Quality Circle (QC) is a small, voluntary group of employees and their supervisor(s), comprising a team of about 8 to 10 members from the same work area or department group of staff that meets regularly to solve problems relating to their job scope or workplace. QC works on the basis of a continuous and on-going process in an organisation. Normally members of a particular QC come from the same workshop who face and share similar problems in their daily work life. Ideally, the group size should be seven or eight to give enough time to each member to actively participate and contribute to each meeting.
The philosophy is that everyone will take more interest and pride in their work if they have a share in the decision-making process or have a say in how their work should be conducted. QC gives employees greater satisfaction and motivation
A man named Kaoru Ishikawa in Japan first developed quality circles in the 1960s. The Union of Japanese Scientists and Engineers (JUSE) were the ones who paid for the research that put the theories about behaviour science and quality control together.
Quality circles are useful because the members of the team are from the same workplace and face similar problems. This concept is a management tool that has many benefits for their own work environment. Some examples of those benefits are control and improvement of quality, more effective company communication, using employee problem-solving capabilities and more job involvement.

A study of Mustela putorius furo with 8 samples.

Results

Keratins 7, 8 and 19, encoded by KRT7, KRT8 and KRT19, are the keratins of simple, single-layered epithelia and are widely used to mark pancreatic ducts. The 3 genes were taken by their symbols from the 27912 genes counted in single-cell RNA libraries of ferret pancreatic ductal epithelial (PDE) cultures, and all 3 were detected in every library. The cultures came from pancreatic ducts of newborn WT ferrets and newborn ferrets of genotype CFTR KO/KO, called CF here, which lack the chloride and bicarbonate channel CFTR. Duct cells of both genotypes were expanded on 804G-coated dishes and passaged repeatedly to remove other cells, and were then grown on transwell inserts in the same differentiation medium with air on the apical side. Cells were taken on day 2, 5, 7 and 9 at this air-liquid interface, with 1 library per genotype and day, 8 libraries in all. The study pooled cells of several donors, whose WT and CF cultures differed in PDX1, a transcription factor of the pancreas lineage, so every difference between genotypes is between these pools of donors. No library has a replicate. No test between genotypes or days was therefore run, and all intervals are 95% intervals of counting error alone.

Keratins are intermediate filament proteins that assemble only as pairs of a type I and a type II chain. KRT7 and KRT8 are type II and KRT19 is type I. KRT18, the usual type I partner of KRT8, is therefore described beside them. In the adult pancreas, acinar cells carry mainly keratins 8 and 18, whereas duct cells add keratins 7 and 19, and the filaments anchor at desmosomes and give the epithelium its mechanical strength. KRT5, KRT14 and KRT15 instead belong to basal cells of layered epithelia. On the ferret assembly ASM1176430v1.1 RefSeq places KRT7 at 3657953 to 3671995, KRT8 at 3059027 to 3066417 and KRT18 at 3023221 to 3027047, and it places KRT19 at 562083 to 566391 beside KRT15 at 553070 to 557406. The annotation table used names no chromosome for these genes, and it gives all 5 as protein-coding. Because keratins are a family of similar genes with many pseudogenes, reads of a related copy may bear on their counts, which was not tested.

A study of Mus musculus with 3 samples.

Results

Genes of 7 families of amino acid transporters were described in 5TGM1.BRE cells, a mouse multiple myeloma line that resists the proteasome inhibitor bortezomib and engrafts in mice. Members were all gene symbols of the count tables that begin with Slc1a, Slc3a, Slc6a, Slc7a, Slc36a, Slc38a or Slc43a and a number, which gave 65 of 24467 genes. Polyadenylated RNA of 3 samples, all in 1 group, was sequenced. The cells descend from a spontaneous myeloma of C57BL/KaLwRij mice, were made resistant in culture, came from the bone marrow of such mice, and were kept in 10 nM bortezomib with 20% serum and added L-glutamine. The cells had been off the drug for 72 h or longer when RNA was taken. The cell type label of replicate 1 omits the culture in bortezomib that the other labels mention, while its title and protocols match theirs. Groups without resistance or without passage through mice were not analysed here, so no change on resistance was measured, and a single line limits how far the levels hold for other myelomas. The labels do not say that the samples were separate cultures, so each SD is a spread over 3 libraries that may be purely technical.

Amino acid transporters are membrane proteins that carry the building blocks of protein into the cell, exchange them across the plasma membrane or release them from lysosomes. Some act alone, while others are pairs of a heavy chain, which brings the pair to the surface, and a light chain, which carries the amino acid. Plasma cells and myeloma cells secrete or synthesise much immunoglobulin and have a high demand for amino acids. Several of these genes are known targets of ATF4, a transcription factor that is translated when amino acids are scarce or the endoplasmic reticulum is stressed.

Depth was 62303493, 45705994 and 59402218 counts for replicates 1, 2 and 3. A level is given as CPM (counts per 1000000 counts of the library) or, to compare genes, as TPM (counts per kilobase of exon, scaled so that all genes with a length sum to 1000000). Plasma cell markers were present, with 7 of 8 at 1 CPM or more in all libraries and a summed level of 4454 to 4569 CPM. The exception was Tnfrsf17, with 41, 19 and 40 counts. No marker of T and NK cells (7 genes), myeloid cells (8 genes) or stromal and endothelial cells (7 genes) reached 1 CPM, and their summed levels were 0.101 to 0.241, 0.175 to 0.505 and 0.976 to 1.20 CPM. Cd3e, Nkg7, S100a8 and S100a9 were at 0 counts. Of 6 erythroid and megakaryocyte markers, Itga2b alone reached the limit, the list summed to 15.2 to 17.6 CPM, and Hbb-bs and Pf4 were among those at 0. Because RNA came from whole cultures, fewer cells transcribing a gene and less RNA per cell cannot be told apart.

Although the quality circle was developed in Japan yet it spread to more than 50 countries, a development Ishikawa never foresaw. Originally, Ishikawa believed circles depended on factors unique to Japanese society. But after seeing circles thrive in Taiwan and South Korea, he theorised that circles could succeed in any country that used the Chinese alphabet. Ishikawa’s reasoning was that the Chinese alphabet, one of the most difficult writing systems in the world, can be mastered only after a great deal of study; thus, hard work and the desire for education became part of the character of those nations. Within a few years, however, the success of circles around the world led him to a new conclusion: Circles work because they appeal to the democratic nature of humankind. “Wherever they are, human beings are human beings,” Ishikawa wrote in a 1980 preface to the English translation of the Koryo.
In “How to Operate QC Circle Activities,” Ishikawa calls middle and upper management the parent-teacher association of quality control circles. Although circles were one of the earliest Japanese ideas about quality to be popularised in the West yet Ishikawa was always aware of the importance of top management support. Support from the top is a key element in Japan’s all encompassing quality strategy: company-wide quality control (CWQC), perhaps best described in Ishikawa’s What is Total Quality Control? – The Japanese Way. Ishikawa’s work with top management and CWQC covered decades. In the late 1950s and early 1960s, he developed quality control courses for executives for top managers. He also helped launch the “Annual Quality Control Conference” for top management in 1963.